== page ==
The Left and Right are Not Equally Crazy, Part 794

| Mon Jun. 4, 2012 4:21 PM EDT

Tyler Cowen highlights a comment from Scott Sumner's blog:

It’s incredibly frustrating. The political and policy world falls into two camps:

  1. Those who believe no stimulus is necessary, everything is supply-side.
  2. Those who believe stimulus is necessary but only fiscal stimulus can or should supply it.

....I feel like to both the centre left and the right, Milton Friedman is too heretical now — too right-wing for the left obviously and too left-wing for the right. Consequently, everything about monetarism has been stripped out of the public consciousness and we are left with vulgar Keynesianism and vulgar Austrianism.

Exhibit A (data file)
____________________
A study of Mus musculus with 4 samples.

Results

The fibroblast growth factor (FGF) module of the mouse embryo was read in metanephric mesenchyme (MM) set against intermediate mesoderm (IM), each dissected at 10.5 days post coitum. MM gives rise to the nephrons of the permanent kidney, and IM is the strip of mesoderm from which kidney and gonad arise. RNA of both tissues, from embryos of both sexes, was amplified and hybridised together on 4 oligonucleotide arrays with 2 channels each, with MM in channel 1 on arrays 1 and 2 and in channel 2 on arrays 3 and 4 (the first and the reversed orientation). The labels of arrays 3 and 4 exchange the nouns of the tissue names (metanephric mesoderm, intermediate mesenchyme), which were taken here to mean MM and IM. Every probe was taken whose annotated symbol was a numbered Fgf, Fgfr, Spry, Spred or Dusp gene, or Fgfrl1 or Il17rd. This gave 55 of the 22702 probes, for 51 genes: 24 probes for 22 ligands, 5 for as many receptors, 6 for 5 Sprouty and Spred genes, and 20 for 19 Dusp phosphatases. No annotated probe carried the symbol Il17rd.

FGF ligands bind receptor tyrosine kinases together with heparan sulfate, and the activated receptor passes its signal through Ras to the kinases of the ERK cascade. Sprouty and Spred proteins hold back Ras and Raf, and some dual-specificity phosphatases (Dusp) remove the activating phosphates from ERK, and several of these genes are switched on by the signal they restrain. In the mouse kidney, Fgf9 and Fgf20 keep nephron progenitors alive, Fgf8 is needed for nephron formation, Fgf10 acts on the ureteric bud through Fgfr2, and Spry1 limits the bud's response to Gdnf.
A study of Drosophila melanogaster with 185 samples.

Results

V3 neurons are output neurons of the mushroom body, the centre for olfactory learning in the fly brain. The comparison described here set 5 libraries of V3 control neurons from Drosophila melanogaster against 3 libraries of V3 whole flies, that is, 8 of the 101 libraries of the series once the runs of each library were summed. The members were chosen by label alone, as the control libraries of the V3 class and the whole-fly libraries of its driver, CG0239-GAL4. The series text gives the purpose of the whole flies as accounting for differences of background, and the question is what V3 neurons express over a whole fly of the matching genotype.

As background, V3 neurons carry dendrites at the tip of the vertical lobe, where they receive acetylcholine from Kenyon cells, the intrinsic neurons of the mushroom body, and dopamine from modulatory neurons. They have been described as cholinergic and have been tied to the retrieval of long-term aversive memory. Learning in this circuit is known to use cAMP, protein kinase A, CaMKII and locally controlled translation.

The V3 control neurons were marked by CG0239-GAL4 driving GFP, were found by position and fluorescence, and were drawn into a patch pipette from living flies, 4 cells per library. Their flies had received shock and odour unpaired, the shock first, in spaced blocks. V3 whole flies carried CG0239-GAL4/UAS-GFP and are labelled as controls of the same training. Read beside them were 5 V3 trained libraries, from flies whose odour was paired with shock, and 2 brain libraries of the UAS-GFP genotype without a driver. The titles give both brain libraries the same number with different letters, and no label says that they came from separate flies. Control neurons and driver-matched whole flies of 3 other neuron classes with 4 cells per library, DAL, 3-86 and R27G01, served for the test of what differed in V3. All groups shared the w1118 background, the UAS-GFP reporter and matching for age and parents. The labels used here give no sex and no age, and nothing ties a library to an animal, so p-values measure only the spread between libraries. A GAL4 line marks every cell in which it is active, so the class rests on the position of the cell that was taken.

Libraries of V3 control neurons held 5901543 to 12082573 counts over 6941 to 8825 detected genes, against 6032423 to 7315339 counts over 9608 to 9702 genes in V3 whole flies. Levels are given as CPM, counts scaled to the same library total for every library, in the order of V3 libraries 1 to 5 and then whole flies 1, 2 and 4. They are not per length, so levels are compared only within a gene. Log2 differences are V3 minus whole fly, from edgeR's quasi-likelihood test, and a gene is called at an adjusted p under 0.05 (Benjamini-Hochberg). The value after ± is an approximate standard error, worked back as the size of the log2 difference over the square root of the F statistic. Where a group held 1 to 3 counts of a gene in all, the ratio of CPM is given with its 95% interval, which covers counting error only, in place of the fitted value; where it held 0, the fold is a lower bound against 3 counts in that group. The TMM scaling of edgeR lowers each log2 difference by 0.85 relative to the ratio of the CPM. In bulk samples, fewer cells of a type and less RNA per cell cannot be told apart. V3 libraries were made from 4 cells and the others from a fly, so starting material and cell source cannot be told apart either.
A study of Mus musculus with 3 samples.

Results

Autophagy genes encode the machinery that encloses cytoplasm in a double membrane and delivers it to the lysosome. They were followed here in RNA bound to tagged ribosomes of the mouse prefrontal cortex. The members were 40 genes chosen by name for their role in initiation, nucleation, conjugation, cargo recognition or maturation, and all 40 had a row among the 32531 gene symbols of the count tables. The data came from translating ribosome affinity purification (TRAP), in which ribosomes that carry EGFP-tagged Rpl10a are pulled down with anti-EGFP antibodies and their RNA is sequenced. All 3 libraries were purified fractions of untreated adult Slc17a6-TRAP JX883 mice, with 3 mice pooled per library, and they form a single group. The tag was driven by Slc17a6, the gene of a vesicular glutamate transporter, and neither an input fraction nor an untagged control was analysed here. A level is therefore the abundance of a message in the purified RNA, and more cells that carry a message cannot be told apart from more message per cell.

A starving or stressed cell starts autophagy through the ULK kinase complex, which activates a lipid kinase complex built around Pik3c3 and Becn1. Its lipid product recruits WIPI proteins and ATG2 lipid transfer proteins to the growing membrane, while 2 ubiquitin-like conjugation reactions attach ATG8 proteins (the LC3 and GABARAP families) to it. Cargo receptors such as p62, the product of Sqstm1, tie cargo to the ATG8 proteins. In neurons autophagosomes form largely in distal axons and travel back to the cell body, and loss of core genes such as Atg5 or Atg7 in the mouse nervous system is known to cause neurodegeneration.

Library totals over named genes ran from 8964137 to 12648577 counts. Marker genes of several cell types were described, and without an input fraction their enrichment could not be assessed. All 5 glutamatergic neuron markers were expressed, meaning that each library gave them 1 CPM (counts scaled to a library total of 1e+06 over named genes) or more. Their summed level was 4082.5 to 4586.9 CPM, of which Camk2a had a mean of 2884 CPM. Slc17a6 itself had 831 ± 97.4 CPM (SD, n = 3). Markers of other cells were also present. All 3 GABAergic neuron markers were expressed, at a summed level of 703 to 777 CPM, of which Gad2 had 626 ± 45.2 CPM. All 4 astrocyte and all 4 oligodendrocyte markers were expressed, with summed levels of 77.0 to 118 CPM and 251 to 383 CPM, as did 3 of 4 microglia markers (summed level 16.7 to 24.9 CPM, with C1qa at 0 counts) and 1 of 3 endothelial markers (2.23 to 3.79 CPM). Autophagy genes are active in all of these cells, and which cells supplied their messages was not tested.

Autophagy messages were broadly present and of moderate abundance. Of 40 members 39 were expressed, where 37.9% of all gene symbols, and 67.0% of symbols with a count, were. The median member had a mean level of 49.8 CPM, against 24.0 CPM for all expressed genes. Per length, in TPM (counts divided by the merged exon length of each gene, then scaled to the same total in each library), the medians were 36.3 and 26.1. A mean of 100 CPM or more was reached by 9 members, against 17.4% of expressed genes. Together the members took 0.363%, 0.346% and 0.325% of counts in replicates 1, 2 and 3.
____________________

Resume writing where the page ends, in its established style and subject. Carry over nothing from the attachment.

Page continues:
We truly live in a Dark Age of economics.

Statement #1 is correct. Nearly all modern conservatives believe that no stimulus, either fiscal or monetary, is appropriate right now. It's all about maximum pain and austerity. This truly is the equivalent of treating a patient with leeches.

But where does statement #2 come from? The liberal economists I read do indeed believe that we need fiscal stimulus, but unless I'm misreading them badly, they'd all welcome looser monetary policy as well in one form or another. That might be NGDP targeting (Sumner's policy preference), it might be further rounds of QE, it might be a higher tolerance for inflation, or it might be something else. Whatever their particular policy preferences, though, I can't think of a single liberal economist who hasn't criticized Ben Bernanke for not combating the recession more actively.

This is the kind of weird false equivalence that drives everyone on the left crazy.